California’s attorney general filed an appeal Thursday challenging a federal judge’s ruling that overturned the state’s assault weapons ban.
Democratic state Attorney General Rob Bonta filed the appeal, tweeting “weapons of war don’t belong on our streets.”
NEW: We just appealed the district court decision that overturned California’s 32-year ban on assault weapons.
I won’t rest in the fight to defend our state’s commonsense gun laws. Weapons of war don’t belong on our streets.
— Rob Bonta (@RobBonta) June 10, 2021
“We cannot be and we are not deterred by this ruling,” Bonta reportedly said.
Bonta is asking the appeals court to stay Benitez’s ruling which would keep the assault weapons ban in place until the appeals process is complete, according to the report. (RELATED: ANALYSIS: Here’s What Actually Happens When You Ban Assault Weapons)
Benitez, in his introduction, wrote “like the Swiss Army knife, the popular AR-15 rifle is a perfect combination of home defense weapon and homeland defense weapon. Good for both home and battle, the AR-15 is the kind of versatile gun that lies at the intersection of the kinds of firearms protected under District of Columbia v. Heller and United States v. Miller. Yet, the State of California makes it a crime to have an AR-15 type rifle.”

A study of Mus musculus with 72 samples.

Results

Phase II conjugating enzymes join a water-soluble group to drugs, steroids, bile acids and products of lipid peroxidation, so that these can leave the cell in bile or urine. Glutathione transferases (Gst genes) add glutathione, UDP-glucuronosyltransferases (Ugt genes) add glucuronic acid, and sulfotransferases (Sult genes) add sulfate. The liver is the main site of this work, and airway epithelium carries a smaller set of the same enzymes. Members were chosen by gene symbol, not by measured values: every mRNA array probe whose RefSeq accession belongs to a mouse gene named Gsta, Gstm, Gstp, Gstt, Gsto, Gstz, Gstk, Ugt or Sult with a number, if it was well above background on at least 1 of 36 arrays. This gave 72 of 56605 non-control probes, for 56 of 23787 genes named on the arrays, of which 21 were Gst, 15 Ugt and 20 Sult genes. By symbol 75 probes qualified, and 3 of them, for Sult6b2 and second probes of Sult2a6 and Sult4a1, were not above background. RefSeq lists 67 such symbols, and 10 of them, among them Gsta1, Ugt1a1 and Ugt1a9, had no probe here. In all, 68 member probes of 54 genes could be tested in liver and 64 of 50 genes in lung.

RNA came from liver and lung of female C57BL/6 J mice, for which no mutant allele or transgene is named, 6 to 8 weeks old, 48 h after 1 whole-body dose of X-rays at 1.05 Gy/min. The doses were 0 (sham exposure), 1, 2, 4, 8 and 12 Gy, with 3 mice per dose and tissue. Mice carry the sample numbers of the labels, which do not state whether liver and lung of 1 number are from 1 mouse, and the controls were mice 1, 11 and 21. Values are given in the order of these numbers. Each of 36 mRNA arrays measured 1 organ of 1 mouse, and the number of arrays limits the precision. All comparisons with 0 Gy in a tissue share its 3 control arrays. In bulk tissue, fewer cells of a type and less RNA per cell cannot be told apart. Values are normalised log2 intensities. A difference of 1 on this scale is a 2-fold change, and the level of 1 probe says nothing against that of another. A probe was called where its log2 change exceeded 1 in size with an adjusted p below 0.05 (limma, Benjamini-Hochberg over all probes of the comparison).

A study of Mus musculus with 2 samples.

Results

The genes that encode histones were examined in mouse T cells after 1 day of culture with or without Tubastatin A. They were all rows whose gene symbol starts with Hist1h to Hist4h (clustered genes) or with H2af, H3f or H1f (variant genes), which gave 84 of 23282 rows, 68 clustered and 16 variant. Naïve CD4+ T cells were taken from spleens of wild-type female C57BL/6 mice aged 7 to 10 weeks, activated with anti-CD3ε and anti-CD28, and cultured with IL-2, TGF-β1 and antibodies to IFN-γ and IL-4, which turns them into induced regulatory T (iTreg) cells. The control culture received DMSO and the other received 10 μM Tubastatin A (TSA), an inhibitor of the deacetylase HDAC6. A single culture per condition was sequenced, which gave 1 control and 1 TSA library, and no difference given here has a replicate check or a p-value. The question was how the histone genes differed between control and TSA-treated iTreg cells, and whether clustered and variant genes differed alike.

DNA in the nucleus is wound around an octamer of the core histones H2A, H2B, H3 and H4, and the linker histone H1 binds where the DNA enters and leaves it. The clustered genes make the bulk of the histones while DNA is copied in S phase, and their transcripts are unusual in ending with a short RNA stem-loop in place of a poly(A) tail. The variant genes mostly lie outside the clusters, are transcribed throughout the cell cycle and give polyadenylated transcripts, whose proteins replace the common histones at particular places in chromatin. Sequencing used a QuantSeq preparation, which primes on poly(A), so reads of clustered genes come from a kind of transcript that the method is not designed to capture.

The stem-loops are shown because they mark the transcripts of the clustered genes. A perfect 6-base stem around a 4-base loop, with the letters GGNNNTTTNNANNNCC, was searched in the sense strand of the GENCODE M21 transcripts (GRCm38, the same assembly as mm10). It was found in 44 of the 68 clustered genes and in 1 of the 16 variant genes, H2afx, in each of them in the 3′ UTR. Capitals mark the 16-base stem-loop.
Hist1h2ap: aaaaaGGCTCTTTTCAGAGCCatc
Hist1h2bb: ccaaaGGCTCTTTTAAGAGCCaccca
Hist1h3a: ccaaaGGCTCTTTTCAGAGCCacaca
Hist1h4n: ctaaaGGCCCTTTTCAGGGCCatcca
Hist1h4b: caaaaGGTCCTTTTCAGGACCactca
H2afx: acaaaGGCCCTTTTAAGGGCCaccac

Mattie Scott, who lost a son to gun violence in 1996 and works with the Brady Center’s California chapter, said Thursday that equating a Swiss army knife to an AR-15 is “insulting,” according to CNN.
“It is insulting to read his decision where he called the kind of weapon that killed my son akin to a pocket knife. Pocket knives were not invented to kill as many people as possible. Pocket knives don’t tear families apart.”
Bonta also criticized the comparison in a statement. “Equating firearms that have been used in many of the deadliest mass shootings in this country with Swiss Army knives has no basis in law or fact,” Bonta said. “The ban on assault weapons will not put an end to all gun violence, but it is one important tool the state has to protect the safety of Californians while also respecting the rights of law-abiding residents who choose to possess firearms,” Bonta said.
Benitez ruled the case is about an “average” gun being used “in average ways for average purposes.”
“One is to be forgiven if one is persuaded by news media and others that the nation is awash with murderous AR-15 assault rifles. The facts, however, do not support this hyperbole, and facts matter,” he ruled, noting Californians are more likely to be killed by a knife attack than a rifle, citing FBI statistics.
Benitez gave Bonta 30 days to appeal.